Major Virginia City Calls For Marijuana Decriminalization
Virginia’s second-largest city is officially calling on state lawmakers to decriminalize marijuana. It also wants an expansion of the commonwealth’s existing limited medical cannabis program.
At a meeting on Tuesday evening, the Norfolk City Council approved its 2018 state legislative agenda. Item number four reads:
“Support the decriminalization of simple possession of marijuana as well as the expansion of conditions that physicians licensed by the Virginia Board of Medicine can treat with cannabidiol or THC-A oil.”
The call by Norfolk officials comes as the state is better positioned than ever before to remove cannabis’s criminal penalties.
Incoming Gov.-elect Ralph Northam (D) made decriminalization a centerpiece of his campaign, often describing the issue in stark racial justice terms.
“We need to change sentencing laws that disproportionately hurt people of color. One of the best ways to do this is to decriminalize marijuana,” he wrote in a blog post early last year. “African Americans are 2.8 times more likely to be arrested for marijuana possession in Virginia. The Commonwealth spends more than $67 million on marijuana enforcement — money that could be better spent on rehabilitation.”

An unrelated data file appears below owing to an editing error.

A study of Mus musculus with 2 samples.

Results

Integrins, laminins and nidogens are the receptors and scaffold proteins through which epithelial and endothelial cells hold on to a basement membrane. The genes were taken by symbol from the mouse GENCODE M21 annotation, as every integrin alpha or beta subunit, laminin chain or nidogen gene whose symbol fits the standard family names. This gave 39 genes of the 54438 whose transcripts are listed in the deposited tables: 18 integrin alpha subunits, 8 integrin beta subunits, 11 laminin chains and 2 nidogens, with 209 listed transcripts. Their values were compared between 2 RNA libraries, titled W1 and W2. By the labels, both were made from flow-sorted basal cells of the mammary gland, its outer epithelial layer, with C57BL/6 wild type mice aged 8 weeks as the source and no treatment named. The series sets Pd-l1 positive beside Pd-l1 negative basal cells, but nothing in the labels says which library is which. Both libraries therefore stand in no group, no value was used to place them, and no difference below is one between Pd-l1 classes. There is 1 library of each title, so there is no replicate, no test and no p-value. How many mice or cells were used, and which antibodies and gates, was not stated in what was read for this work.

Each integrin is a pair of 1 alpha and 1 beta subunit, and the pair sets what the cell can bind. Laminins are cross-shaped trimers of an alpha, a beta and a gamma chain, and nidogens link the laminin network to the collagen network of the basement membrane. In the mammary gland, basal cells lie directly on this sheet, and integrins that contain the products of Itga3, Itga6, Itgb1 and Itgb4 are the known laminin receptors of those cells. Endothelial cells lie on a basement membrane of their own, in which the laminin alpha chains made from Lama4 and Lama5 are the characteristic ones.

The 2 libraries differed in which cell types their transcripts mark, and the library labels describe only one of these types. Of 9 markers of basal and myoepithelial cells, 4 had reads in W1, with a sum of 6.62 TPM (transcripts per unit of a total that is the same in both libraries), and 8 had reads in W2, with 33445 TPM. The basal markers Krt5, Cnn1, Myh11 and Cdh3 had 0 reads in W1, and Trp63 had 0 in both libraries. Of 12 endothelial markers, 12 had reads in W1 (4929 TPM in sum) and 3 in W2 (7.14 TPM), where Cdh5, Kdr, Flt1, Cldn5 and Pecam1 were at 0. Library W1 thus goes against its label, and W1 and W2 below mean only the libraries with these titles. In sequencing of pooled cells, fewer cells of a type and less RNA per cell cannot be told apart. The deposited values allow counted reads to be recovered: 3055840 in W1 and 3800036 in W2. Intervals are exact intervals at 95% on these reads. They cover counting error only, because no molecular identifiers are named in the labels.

And, the issue has bipartisan traction. Republican Senate Majority Leader Tommy Norment has announced he will file a decriminalization bill when the new legislative session convenes. Earlier this week, he revealed some details of his modest proposal, which would only apply to first-time offenders.
Democratic Sen. Adam Ebbin has also filed a separate, more far-reaching decriminalization bill.
The cannabis effort could get an additional boost by Democrats’ surprising number of wins in House of Delegates elections in November. Depending on the results of two still-pending races that may be settled by litigation, the party could either have a narrow majority in the chamber, be tied with Republicans or be just a couple of seats in the minority. The GOP has a two-seat majority in the Senate, and tie votes there would be broken by the Democratic lieutenant governor.
Over the past week, legislative chambers in New Hampshire and Vermont have voted to pass marijuana legalization bills.